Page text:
Beginner's Guide to Building a Garden
It is not necessary to have a huge plot of land or a vast amount of time or money to invest in a garden and enjoy this popular hobby. Many people find gardening an incredibly relaxing hobby, despite any physical labor involved. Depending on your space, your personal preference and your ability, there are many types of gardens to suit your needs. A garden can be something as simple as a few pots or some raised beds. People with physical limitations need not worry either, there are table-height raised beds, perfect for those that are either in a wheelchair or can not take bending over for long periods of time. Gardening can be as simple or as expansive as you like and there are many easy-to-grow plants that are forgiving of even the most novice gardener.
TIP: Our expert gardening advisor, Susan Patterson cautions you, "If you have animals or small children, be aware of plants that may be toxic. Never dig or till without first locating your underground utility lines."
Locate a Good Nursery or Join a Local Garden Club
This is where you'll head for ideas, tips and advice. Books are a good idea, too, but talking to someone who has local knowledge will likely work better for you. Then you can get advice in all areas, from what kind of plants, pests, and weeds are native to your area, to picking out good tools.
TIP: Susan adds, "Always choose plants that are appropriate for your growing region."
Lay Your Garden Out on Paper
If you plan on a rather expansive project it is always best to draw it out on paper first. Having a plan is essential to having a successful garden. Take it to your local nursery, a professional will be able to make life easier by helping to determine such things as choosing the right location for your garden and the proper amounts of sun and water. An expert might also see something that may prove difficult and cause you major headaches in the long run, such as picking out plants that don't go well together or plants that don't grow well in certain soils or at certain times of the year.
TIP: "Always keep in mind the mature size of trees, shrubs and flowers when planning your garden."
Going hand in hand with laying out your garden on paper is to start small. This will minimize maintenance and keep you from getting overwhelmed while you learn the basics. You don't want the garden to eat up too much of your time--this is the thing that frustrates most first time gardeners and prompts them to give up. When you've mastered how to handle weeds, watering and pests, then expand your garden's boundaries as you see fit.
TIP: Susan suggests, "If you are on a budget, consider starting a garden from seed. There are many beautiful plants that grow well from seed and can be self sown into the garden bed in early spring."
Pick Out Good Tools
Stay away from overpriced tools and gadgets. Since you're starting small, you may need all or only a few of these tools: shovel, garden fork, trowels of different sizes, a hoe, pruners, a rake, wheelbarrow/cart, a water can and/or a good hose. Look for tools with steel blades and handles that offer comfort. You also need to learn to care for your tools. Tools need to be cleaned after each use and certain tools eventually need sharpening or blades replaced. Tools stored for the winter require a protective coating of oil or wax before being put away.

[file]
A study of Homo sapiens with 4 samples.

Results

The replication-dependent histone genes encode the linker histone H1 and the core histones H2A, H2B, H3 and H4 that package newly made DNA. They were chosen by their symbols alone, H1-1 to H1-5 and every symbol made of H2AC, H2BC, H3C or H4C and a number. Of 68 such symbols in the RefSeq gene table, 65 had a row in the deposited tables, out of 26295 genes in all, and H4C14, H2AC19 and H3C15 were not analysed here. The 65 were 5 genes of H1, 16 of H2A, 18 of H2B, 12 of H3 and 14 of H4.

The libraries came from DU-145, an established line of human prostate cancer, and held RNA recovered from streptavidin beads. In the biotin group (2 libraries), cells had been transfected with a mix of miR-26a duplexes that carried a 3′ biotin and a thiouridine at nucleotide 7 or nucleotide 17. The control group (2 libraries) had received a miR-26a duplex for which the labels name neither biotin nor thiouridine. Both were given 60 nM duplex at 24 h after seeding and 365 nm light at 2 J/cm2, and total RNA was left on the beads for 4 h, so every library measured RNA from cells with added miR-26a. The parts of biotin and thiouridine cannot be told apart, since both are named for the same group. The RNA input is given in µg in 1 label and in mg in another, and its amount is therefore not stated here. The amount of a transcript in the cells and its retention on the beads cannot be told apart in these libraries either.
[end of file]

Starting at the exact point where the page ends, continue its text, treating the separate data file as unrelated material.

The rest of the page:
Spend Some Time in Your Garden Everyday
A few minutes here and there during the week is better than waiting for the weekend to tidy things up. We all know how life has a habit of getting in the way sometimes, making it difficult to keep up with anything--let alone a garden. Spend a few moments to snag a few weeds, water and keep an eye on your garden's progress. It is always fun to go out and watch the progress each day. Many people find this extremely therapeutic.
Spend time watering your plants and encouraging your garden’s roots to grow deeply by soaking the soil. Too short a watering time will keep roots near the soil surface.
Pamper Your Soil
Avoid clumps. Don't work soil that is wet. Overworking soil into a fine powder is also a no-no. Soil is supposed to have particles of different shape and sizes. Try not to walk around in your garden too much. Creating rows in which to safely work keeps the soil around the plants from getting compacted and restricting growth.
TIP: susan advises, "Before planting have a soil test done so that you know what your soil may need to make it healthier."
Learn about compost. It keeps the soil healthy. If you can't make your own, there's always compost in a bag. Use fertilizers sparingly, but use the right ones. Take a sample of your soil to your favorite nursery for testing to see which type of fertilizer you will (or won't) be needing.
TIP: Susan adds, "If you have poor soil, consider building some raised beds where you can control the soil quality."
Prune, but Don't Over Prune
Try not to go crazy with the pruners. True, fertilizers and pruning produce a more luscious and tender growth, but that's something bugs are extremely attracted to. The last thing you want is to have to spend time fighting battles with pests. This can turn your garden into a chore.
Gardening is a wonderful and peaceful pastime, if not addictive. Many will find the time to work in their gardens despite the whirlwind of activity going on in their lives because it brings them calm and order. Perhaps you are seeking that calm for yourself. Perhaps you feel the need to give back to the earth. Perhaps you are seeking that special relationship with nature that comes from having your hands covered in earth. Or it could be you just wanted an excuse to wear silly hats outside. Whatever the reason, happy gardening!